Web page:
Why does the notion of human rights get such a bad press in Britain?

The jurisdiction of the European Court of Human Rights runs in 47 countries, but it is criticised most overtly and regularly in Britain. The outgoing president asks why


Whatever the perception about human rights generally, I do feel a responsibility, as my term in Strasbourg ends, to try once again to set the record straight about its role, in particular in relation to the UK. To my profound regret Britain is, of the 47 countries in which the court’s jurisdiction runs, the one in which the court is most regularly and overtly criticised.

During my year as president, I have visited a number of states whose record in terms of violations is much less favourable than the UK’s yet whose political and judicial authorities show a greater level of respect and understanding for the Court and its work.

In April of this year, the 47 states, including the UK, joined together in Brighton to reaffirm “their deep and abiding commitment to the Convention, and to the fulfilment of their obligation under the Convention to secure to everyone within their jurisdiction the rights and freedoms defined in the Convention”. They also reaffirmed their attachment to the right of individual application to the Strasbourg court. This court is sometimes called the conscience of Europe and a conscience is not always an easy thing to live with. Indeed, in a sense, its role is to be a thorn in the side of governments, a constant reminder that they have undertaken international obligations and that they will be called to account if they fail to abide by them. That all 47 states continue to subscribe to this system reflects their common understanding that a shared European space, where the rule of law and democracy prevail, is in all of their interests. Certainly, for the UK, however reticent it may be about closer ties with Europe, there is a clear interest in working towards consolidating rule-of-law–based democracy throughout Europe.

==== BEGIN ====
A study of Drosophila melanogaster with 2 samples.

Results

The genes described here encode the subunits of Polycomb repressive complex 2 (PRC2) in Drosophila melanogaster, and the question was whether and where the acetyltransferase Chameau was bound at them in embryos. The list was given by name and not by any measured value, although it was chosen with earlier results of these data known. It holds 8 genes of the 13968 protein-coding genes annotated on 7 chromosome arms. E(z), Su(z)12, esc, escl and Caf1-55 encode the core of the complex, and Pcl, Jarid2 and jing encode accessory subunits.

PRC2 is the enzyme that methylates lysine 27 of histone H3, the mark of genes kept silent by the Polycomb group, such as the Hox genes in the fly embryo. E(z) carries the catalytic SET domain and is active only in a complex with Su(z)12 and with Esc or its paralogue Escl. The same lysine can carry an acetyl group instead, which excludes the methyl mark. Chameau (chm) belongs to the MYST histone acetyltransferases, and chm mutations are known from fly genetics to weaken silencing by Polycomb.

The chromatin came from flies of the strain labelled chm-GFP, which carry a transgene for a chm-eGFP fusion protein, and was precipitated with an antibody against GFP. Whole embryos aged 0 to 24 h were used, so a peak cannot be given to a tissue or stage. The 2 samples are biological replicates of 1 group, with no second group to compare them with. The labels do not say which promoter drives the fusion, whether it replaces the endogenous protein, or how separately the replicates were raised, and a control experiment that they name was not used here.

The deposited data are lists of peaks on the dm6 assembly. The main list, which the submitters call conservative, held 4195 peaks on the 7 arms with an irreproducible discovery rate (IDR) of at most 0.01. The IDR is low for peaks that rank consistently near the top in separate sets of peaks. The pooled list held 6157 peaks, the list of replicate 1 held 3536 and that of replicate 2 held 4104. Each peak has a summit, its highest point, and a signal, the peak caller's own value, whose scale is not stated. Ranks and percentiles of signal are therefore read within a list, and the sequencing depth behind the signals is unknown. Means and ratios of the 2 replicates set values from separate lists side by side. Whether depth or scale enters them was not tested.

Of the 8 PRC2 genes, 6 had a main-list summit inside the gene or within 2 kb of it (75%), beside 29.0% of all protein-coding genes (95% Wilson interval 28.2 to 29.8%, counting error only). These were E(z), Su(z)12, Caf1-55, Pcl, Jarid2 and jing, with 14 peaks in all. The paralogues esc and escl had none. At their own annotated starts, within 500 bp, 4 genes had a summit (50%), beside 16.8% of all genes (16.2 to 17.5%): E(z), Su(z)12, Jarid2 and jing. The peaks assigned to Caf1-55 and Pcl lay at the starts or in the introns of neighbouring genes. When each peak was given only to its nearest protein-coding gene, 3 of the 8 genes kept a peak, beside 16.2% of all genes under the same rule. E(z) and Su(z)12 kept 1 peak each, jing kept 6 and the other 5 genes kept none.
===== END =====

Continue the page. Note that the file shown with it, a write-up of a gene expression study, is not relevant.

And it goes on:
David Cameron, in his speech to the Parliamentary Assembly of the Council of Europe in January, clearly accepted this premise. Indeed, it has been recognised by successive British governments. But the case is rarely made publicly. On the contrary, public comment on the court and its work has tended to be overwhelmingly negative. With regard to the popular press, this is perhaps not unexpected. The rule of law requires that even the most – deservedly – unpopular persons are entitled to the same protection as anyone else. This is well-nigh impossible to sell to public opinion. To explain that a person who is committed to destroying the society in which you live is entitled to the protection which is the hallmark of that society – and, indeed, ultimately what preserves it – is a challenge most politicians are not prepared to take up.

The paradox is that in reality and in practice, the UK’s relationship with Strasbourg has been rich and positive. The court has found violations of the convention in a tiny minority of cases. The different actors of UK society, be it the judiciary, parliament or civil society, operate very largely in conformity with the European Convention and with a commitment to its implementation. Again, this is not surprising given the Convention’s origin.

As the judge elected in respect of the UK, I have heard it said that I have “gone native”, which is, of course, not just offensive to me but to the whole idea of international law, and in particular the international protection of fundamental rights. I would simply recall in this context that my role as UK judge is not to defend the Government’s interests but to ensure, independently and impartially, that the court’s decision is based on a full understanding of relevant UK law. However, I would also say that, as the British member of the court, it is a source of satisfaction and pride to me that the great majority of British judicial decisions which come before the court are of a very high standard indeed. UK courts deliver judgments which enrich the convention system.

The UK’s contribution to that system has been immense. It is therefore frustrating and disappointing to see that, largely because of a single judgment concerning the right to vote of some categories of convicted prisoners, the court has become a sort of hate figure, not just in the popular press, but also in the soundbites of politicians, some of them senior, and, even more disturbingly, judges – again some of them senior. On that issue the court has always made it clear that there is a range of options for complying with the judgment. We believe that there are workable and politically acceptable solutions.

No court is infallible, certainly not the Strasbourg court, but what is at stake is of overriding importance. The shared values of democracy and the rule of law which the court and the Convention represent are the firmest guarantee that we have of stability and peace, and ultimately perhaps also of a safe and prosperous future.